Writing essays in college is quite different from what you may have been used to in high school. Even if your teachers considered you to be pretty good at writing back then, it does not guarantee that you will excel in the same way from now on. College-level essay writing requires a lot more structure and consistency – you cannot just express your thoughts in any way you want and expect your professors to give you a high grade. However, there are relatively surefire ways to improve your essay writing fast without taking a separate writing course. You will find some of them in this article.
What to Do Before You Start Writing
Whether you receive a topic as a part of your assignment or have an opportunity to choose one yourself, do not jump straight into the action and start writing. Many students make this mistake, only to discover halfway through that they missed something crucial about their topic and now have to rewrite a few paragraphs or even the entire essay from scratch. Instead, take your time to do some background research on the subject. Find out if your assumptions about the topic are correct and whether you have to use some additional sources of information to avoid mistakes. Look for the works by the foremost authorities on the subject. Single out the main points you will have to mention throughout your essay.
Once you’ve gathered the necessary data and decided what you will write about, formulate your thesis statement – that is, the main thought or idea you would like to express in your writing, boiled down to a single sentence. Remember that a thesis statement has to:
- Be concise – you should be able to express the entire primary idea of your essay in a single sentence. If you find it hard to do, it most likely means that your thesis statement is not specific enough;
- Be unambiguous – there should not be a way to interpret your thesis statement in more than one way. Try showing it to somebody whose opinion you trust and ask how he/she understands it – if you see any deviations from what you meant, find a way to express yourself more precisely;
- Answer a question – it means that your thesis statement should be, well, a statement expressing your opinion.
Now that you have the idea that will be at the core of your essay, it is time to move on to writing – or, instead, prepare yourself for it. Before you start, it is good to get acquainted with a few essays of the same type and preferably on the same topic written by more experienced people. You may look for them online or get a few from legit essay writing services and study them carefully. Until you are more confident about your writing, it is safer to imitate what others do.
Writing an Excellent Essay
So, the preparation is done. What now? Start writing with the main part of the essay, the body paragraphs. Usually, students write the parts of the essay in the order of appearance – introduction, body paragraphs, conclusion. It is a viable but suboptimal approach – until you know for sure how the main part of the essay will turn out, you cannot be sure your introduction will fit it. If the essay takes you in an unexpected direction, you may have to rewrite the introduction, wasting extra time.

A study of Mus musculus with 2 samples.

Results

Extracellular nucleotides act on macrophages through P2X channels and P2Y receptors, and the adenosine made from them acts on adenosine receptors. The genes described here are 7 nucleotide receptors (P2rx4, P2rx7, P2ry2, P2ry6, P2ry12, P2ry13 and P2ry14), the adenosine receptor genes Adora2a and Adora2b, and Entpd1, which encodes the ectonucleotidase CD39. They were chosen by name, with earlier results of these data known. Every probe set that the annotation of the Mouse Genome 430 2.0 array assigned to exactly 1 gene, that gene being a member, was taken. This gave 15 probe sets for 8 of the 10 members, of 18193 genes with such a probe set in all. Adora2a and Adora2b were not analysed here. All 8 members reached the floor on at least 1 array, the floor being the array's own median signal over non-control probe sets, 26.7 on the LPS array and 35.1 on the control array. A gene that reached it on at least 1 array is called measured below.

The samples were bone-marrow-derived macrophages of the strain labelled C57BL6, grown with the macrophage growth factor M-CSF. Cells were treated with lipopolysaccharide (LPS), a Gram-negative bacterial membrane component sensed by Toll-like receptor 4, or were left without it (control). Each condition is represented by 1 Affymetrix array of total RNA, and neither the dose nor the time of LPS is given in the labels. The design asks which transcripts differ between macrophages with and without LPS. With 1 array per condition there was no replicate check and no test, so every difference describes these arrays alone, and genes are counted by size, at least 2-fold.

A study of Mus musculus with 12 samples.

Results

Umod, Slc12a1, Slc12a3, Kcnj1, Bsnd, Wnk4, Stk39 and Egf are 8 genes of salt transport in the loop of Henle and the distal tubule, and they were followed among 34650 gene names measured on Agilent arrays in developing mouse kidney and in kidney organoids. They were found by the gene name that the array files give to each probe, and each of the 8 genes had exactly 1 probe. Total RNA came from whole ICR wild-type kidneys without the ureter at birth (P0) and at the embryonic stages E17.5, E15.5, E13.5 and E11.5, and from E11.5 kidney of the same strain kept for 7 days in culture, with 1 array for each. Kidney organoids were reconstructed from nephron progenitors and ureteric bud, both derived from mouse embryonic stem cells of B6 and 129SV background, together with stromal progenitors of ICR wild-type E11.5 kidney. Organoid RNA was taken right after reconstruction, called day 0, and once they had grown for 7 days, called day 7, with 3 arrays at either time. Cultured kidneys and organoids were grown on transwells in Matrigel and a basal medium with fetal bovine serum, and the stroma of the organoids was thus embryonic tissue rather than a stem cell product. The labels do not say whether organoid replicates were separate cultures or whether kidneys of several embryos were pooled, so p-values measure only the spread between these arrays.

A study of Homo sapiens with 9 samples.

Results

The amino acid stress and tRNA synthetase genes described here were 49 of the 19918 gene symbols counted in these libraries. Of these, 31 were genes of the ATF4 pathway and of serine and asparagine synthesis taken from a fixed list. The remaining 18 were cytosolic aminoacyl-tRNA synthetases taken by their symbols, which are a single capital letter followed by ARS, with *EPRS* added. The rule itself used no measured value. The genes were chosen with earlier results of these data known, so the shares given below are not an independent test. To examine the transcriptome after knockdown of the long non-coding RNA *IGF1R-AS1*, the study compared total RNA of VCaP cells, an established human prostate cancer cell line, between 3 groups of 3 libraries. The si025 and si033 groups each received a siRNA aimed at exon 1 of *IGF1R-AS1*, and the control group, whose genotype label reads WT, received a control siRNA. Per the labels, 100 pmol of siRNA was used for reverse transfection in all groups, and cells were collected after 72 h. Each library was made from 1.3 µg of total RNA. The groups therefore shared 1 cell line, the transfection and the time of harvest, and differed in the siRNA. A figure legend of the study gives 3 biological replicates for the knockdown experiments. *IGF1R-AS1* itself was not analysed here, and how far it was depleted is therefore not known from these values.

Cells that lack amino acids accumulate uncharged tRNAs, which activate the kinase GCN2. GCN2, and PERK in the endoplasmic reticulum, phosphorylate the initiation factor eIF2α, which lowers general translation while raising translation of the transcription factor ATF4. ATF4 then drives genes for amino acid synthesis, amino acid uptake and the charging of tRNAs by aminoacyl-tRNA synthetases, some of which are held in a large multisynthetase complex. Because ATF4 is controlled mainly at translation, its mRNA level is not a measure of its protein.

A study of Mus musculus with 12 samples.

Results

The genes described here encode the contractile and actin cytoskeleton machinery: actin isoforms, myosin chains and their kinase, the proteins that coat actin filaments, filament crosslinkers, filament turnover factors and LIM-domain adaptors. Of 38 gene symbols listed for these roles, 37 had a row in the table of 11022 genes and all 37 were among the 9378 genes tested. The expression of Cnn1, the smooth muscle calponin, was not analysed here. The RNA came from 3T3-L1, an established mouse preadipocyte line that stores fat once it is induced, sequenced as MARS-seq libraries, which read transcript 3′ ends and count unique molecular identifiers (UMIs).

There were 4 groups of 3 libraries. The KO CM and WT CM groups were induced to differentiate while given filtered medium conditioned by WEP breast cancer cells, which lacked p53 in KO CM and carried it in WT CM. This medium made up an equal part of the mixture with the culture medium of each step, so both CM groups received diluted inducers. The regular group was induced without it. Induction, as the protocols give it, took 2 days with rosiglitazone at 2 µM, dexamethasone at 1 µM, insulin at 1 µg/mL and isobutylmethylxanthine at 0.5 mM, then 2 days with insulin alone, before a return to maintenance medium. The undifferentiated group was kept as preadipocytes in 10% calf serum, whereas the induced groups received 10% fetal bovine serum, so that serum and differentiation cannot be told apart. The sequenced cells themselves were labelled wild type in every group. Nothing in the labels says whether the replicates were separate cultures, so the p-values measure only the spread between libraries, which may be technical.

When writing the body paragraphs, stick to the formula of one point per paragraph. Introduce a point, support it with accompanying evidence, sum things up, connect this paragraph with the following one, and move on to it.
Introduce the points in a certain order and decide what that order would be beforehand. What to choose here depends on your approach. You may start with the point containing the strongest argument in favor of your thesis statement and move on to lesser arguments later. Also, you may do vice versa and start with the least important argument, gradually ramping up the intensity of your case. You may start with arguments supported by authorities on the subject and move on to the ones invented by yourself – it all depends on your purposes.
After you are done with the body paragraphs, write the introduction, trying to make the first sentence as gripping and attention-grabbing as possible. It makes the first impression, and this impression should be strong. Then there is only the small business of writing the conclusion. Sum things up, point out the limitations of your research, show possible further venues of work, and finish with that.
What to Do After the Essay Is Done
Many students finish right there and happily submit the essay as it is – which is a big mistake. The first draft of the paper can almost always be improved upon.
Set the essay aside for a few days if you can afford it, or at least for a few hours. Look at it with fresh eyes, and you will probably see many large and small flaws. When editing and proofreading, work on one type of potential mistake at a time – it will increase the likelihood of locating them.
Give your essay to somebody for reading and ask for his/her input.
What can be improved?
What parts can be formulated better?
What is hard to understand?
Somebody else is always better at catching mistakes than the author of the paper – after all, you know every line of your essay and are prone to skipping over entire fragments when proofreading and editing it.
Reading the essay aloud can also help you find some mistakes, especially those in the wording and stylistics. What looks natural on paper may turn out to sound awkward when you try to pronounce it.
What influences the success of a college-level essay is, first and foremost, structure and your ability to follow through with the plan you have formulated in the beginning. We hope this article will help you build up this skill.